Intercultural Communication: communicating across languages and cultures
Postgraduate: Level 7
Sunday 17 January 2021
Friday 26 March 2021
19 May 2020
Requisites for this module
DIP T1Q909 Chinese-English Translation and Interpreting,
MA Q91112 Translation and Professional Practice,
MA Q911PP Translation and Professional Practice with Professional Placement,
MA Q91212 Chinese-English Translation and Professional Practice,
MA Q91224 Chinese-English Translation and Professional Practice,
MLANR990 Modern Languages (Translation)
This course balances theoretical insight with advanced practical skills. It provides a practical and advanced introduction to the field of intercultural communication, including a toolbox of key theories and concepts, fields of analysis and methods. The course applies these to real-world communication events.
Students will gain insight into the subfields of intercultural communication such as intercultural pragmatics and linguistics and engage with key studies from these areas.
Students will first be introduced to existing approaches to Intercultural Communication and general issues in the field, with a view to defining this vital area of communication research. An investigation of communicative patterns in different cultures and languages will follow. In this context we will examine illocutionary force, indirect speech acts and politeness.
We will then discuss analyses of the socio/situational constraints in intercultural contexts and how they are central to the examination of the complexities of intercultural discourse, such as for instance, translation. The question here is how cultural norms, values and conventions influence linguistic choices across languages and cultures.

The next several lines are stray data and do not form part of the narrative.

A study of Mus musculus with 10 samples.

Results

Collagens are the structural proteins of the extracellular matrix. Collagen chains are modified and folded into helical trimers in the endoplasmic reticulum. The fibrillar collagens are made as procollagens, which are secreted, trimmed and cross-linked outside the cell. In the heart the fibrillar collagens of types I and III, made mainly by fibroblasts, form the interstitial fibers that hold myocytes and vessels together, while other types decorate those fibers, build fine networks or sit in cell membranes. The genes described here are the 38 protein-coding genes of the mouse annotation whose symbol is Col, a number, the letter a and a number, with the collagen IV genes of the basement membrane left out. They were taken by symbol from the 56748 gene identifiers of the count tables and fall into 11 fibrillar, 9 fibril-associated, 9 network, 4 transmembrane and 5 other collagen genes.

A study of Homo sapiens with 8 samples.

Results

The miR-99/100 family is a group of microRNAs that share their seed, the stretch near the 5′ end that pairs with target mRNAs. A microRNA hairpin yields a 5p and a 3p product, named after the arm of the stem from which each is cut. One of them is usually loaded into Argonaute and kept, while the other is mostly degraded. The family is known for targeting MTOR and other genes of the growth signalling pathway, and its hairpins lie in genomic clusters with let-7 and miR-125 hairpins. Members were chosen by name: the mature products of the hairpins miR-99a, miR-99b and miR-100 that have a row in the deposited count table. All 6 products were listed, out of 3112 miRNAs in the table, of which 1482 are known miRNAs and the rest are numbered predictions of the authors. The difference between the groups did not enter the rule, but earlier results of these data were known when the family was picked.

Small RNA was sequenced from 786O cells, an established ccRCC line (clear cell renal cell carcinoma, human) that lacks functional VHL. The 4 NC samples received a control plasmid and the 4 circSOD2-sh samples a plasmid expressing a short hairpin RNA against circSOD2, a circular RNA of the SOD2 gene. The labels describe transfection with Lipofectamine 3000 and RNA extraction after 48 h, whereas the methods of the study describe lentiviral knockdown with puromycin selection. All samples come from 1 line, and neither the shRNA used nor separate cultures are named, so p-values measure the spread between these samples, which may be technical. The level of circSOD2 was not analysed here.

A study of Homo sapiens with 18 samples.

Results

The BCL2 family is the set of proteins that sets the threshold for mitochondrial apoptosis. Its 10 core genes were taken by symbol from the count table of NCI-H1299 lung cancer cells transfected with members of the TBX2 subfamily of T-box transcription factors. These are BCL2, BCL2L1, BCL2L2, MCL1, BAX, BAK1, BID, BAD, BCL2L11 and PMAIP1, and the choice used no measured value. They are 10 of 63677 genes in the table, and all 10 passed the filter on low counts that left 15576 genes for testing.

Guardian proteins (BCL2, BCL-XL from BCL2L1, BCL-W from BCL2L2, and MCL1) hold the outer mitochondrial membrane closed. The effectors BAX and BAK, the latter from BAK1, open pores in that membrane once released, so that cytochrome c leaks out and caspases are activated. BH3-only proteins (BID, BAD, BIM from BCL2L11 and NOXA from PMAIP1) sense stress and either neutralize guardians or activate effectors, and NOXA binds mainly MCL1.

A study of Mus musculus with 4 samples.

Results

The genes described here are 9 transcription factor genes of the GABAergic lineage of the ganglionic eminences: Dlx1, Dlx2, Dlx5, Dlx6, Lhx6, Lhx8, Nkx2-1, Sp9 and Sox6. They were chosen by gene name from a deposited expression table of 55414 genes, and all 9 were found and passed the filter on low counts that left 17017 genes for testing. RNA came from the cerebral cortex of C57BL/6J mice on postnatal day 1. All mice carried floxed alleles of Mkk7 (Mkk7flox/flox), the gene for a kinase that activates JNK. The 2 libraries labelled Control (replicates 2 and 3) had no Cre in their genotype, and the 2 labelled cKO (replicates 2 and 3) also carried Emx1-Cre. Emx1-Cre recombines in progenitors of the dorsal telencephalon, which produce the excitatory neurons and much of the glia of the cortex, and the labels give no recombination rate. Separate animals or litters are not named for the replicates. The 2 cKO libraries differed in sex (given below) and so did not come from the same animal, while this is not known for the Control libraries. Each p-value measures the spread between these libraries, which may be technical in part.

The aim of this module is to promote understanding of what is called intercultural competence by focusing on theoretical and applied pragmatics research in a bilingual/multilingual context. It provides theoretical and applied insights into the relationship between the linguistic and social/situational dimensions of intercultural communication. Familiarity with the main tools of intercultural analysis will enable students to critically examine concrete case studies in intercultural communication.
At the end of the module students should be able to:
1. be familiar with existing approaches and issues in intercultural communication
2. demonstrate an understanding of the field of intercultural pragmatics
3. be familiar with the main analytical and conceptual tools for intercultural analysis
4. be able to apply analytical tools and conceptual frameworks to the analysis of intercultural encounters
5. be able to critically examine empirical studies of intercultural communication
6. be able to critically select the relevant analytical tools for the study of concrete case studies of written and spoken texts
No additional information available.
2 hour lecturer/seminar per week for the duration of 10 weeks
Seminars will involve group work (discussions of issues associated with module readings; follow-up tasks) as well as class presentations.
This module does not appear to have any essential texts. To see non-essential items, please refer to the module's reading list.
Assessment items, weightings and deadlines
|Coursework / exam
||3000 Word Essay
Module supervisor and teaching staff
Dr Beatriz De Paiva, email: email@example.com.
Dr Beatriz de Paiva
Dr Beatriz de Paiva, Room 4.211,
Dr Maciej Baranowski
University of Manchester
Senior Lecturer in English Sociolinguistics
Available via Moodle
Of 20 hours, 20 (100%) hours available to students:
0 hours not recorded due to service coverage or fault;
0 hours not recorded due to opt-out by lecturer(s).
* Please note: due to differing publication schedules, items marked with an asterisk (*) base their information upon the previous academic year.